Touretzky, Common Lisp: A Gentle Introduction to Symbolic Computation. Good intro that assumes little programming background.
Wilensky, Common LispCraft. Similar to the above.
Kessler, Lisp, Objects, and Symbolic Computation. Illustrates some of the power of Lisp, but uses pre-CLOS object system.
Tatar, A Programmer's Guide to Common Lisp. Designed for the C/Pascal/FORTRAN programmer.
Milner, Common Lisp: A Tutorial. Straightforward but doesn't illustrate all the power of Lisp.
Friedman & Felleisen, The Little Lisper. A whimsical introduction to the ideas of Lisp suitable for the completely non-computer literate. From MIT.
Winston & Horn, Lisp (3rd Ed). The best single introduction to Lisp for the person with AI and programming background.
Abelson & Sussman, Structure and Interpretation of Computer Programs. A general introduction to Computer Science (not AI) using Scheme (a Lisp dialect). This is the text used for Computer Science undergrads at MIT, and is widely considered one of the all-time best introductions to Computer Science. Referred to in the trade as "SICP".
Norvig, Paradigms of AI Programming: Case Studies in Common Lisp. Definitely the best text on advanced Common Lisp and AI applications in Lisp. Not introductory, however; most parts are quite advanced. I was one of the major reviewers for this text when it was being written. Generally referred to as "PAIP".
Graham, On Lisp: Advanced Techniques for Common Lisp. In depth discussions of two of the most complex parts of Lisp programming: closures and macros. More depth on macros than all the other texts combined. Not for the faint of heart.
Hasemer & Domingue, Common Lisp Programming for Artificial Intelligence. A generally well-written text with excellent examples. Marred, however, by a major mistake in the section on implementing rule-based systems in Lisp.
Charniak, et al, Artificial Intelligence Programming. Considered the AI Programming textbook of choice until Norvig was published.
Stark, Richard, Lisp, Lore, and Logic. An interesting and amusing book with applications in logic, functional programming, and the lambda calculus. Not a serious Lisp or AI programming text.
Gabriel, Performance and Evaluation of Lisp Systems. Benchmarking in Common Lisp. PAIP is more useful for practical optimization advice.
Miller & Benson, Lisp Style and Design. Programming style and efficiency considerations.
Steele, Common Lisp: The Language (2nd ed). The official specification of the language until the ANSI spec is released this spring. Terse and difficult to read, but the one complete and authoritative language definition. Not a tutorial. Generally referred to as "CLtL" or "CLtL/2". Note that the full document is available on-line via the WWW. See http://www.apl.jhu.edu/~hall/lisp.html.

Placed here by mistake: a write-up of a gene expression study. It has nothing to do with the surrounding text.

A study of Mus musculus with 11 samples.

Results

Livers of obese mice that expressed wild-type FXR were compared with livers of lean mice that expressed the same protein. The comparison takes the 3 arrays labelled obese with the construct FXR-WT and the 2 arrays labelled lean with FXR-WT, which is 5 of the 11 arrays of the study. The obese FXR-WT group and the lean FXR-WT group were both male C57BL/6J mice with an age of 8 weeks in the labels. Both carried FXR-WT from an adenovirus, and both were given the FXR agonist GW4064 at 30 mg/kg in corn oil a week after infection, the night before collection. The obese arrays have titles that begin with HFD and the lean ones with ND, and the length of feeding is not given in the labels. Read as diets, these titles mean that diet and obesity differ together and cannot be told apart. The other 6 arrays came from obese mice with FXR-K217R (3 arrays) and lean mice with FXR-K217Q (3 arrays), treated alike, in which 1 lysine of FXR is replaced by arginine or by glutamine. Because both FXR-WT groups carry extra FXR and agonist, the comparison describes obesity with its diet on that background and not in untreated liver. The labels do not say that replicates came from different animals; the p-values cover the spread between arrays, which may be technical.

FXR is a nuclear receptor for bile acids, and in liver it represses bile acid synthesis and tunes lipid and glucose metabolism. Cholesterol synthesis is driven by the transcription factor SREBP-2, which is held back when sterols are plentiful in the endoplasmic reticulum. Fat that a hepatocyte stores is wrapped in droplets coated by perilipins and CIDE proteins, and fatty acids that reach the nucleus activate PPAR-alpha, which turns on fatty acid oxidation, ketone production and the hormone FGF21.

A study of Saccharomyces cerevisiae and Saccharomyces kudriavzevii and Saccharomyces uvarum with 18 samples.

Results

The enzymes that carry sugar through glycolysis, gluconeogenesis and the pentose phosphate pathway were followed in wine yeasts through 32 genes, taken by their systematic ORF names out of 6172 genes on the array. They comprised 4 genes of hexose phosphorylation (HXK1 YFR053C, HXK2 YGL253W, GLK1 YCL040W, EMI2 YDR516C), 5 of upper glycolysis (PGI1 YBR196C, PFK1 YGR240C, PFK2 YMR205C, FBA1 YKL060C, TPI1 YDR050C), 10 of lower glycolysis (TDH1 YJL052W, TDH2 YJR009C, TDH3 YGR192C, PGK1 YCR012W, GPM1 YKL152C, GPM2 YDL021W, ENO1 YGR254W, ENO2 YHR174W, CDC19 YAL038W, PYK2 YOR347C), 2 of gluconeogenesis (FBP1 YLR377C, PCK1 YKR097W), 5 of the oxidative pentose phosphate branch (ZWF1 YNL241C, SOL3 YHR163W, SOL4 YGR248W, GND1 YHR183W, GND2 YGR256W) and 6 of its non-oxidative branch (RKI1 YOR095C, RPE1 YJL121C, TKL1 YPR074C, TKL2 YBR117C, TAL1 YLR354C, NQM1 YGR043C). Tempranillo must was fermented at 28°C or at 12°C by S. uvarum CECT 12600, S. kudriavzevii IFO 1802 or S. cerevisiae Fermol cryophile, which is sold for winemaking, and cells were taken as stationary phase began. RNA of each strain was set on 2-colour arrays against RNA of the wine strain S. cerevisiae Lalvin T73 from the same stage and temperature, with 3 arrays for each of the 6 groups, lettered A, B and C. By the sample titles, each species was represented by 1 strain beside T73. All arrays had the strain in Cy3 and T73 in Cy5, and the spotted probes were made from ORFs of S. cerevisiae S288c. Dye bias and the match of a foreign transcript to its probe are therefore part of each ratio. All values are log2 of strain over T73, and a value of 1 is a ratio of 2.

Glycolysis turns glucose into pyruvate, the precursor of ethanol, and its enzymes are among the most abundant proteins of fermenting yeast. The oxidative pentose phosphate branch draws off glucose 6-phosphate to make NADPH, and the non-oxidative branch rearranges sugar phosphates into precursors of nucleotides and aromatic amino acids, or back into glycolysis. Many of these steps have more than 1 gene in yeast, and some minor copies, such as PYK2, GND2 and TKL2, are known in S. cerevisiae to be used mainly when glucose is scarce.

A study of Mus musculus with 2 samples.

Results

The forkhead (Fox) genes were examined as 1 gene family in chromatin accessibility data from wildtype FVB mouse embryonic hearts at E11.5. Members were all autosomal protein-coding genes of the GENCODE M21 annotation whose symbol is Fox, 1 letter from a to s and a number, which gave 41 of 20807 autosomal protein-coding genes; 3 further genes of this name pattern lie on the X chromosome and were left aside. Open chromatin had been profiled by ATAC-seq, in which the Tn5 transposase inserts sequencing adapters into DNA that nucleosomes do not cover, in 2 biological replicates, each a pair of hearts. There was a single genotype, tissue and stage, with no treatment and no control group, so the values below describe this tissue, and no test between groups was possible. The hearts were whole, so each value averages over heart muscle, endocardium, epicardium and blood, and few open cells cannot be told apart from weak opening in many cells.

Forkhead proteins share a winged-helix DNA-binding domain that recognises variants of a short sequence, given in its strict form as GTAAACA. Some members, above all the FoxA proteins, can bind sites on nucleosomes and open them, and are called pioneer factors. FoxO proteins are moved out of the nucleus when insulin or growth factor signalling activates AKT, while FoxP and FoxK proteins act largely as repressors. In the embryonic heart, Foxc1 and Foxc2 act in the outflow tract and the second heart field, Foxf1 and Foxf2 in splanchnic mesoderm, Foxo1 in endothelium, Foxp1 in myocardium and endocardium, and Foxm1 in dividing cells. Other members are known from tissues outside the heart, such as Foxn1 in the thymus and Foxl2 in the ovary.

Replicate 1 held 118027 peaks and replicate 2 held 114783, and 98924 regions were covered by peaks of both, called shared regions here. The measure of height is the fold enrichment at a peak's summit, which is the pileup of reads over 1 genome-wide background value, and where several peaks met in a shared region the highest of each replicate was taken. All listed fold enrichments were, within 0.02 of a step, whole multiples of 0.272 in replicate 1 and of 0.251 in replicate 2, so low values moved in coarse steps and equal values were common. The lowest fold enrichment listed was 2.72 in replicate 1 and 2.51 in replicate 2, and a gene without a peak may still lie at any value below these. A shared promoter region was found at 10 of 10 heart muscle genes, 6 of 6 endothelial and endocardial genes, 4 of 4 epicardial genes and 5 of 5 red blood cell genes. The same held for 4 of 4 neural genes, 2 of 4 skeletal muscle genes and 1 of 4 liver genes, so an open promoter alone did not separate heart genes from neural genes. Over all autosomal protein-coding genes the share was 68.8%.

Franz Inc., Common Lisp: The Reference. Arranged alphabetically by function name as opposed to CLtL/2, which is arranged by Lisp topic. One of the most commonly used references by Lisp programmers, but corresponds to CLtL/1, and thus does not include sections on CLOS, the advanced LOOP macro, or the condition (error handling) system. Known as "CLtR". We have an on-line version of this on aplcenmp, accessible from UNIX via the "clman" command, or from emacs (with my .emacs) via M-x clman or M-m.
Lisp and Symbolic Computation, Vol 1, No 3/4. This contains the CLOS specification in a stand-alone format.
Draft Proposed American National Standard. Known as the "dpANS", this is the draft version of the soon-to-be-official ANSI specification for Common Lisp.
See Lisp and Symbolic Computation, above. Also chapter 7 of the dpANS and chapter 28 of CLtL/2.
Keene, Object-oriented Programming in Common Lisp: A Programmer's Guide to CLOS. The best overall intro to CLOS.
Lawless & Miller, Understanding CLOS: The Common Lisp Object System.
Kiczales, Rivieres, & Bobrow, The Art of the Metaobject Protocol. Known as "AMOP", this is an advanced look at extending/customizing CLOS by some of the main designers of CLOS itself.
ACM Lisp Pointers. An easy to read magazine full of tips and tricks for the Lisp hacker.
Lisp and Symbolic Computation. A much more theoretical journal.
Proceedings of the ACM Conference on Lisp and Functional Programming.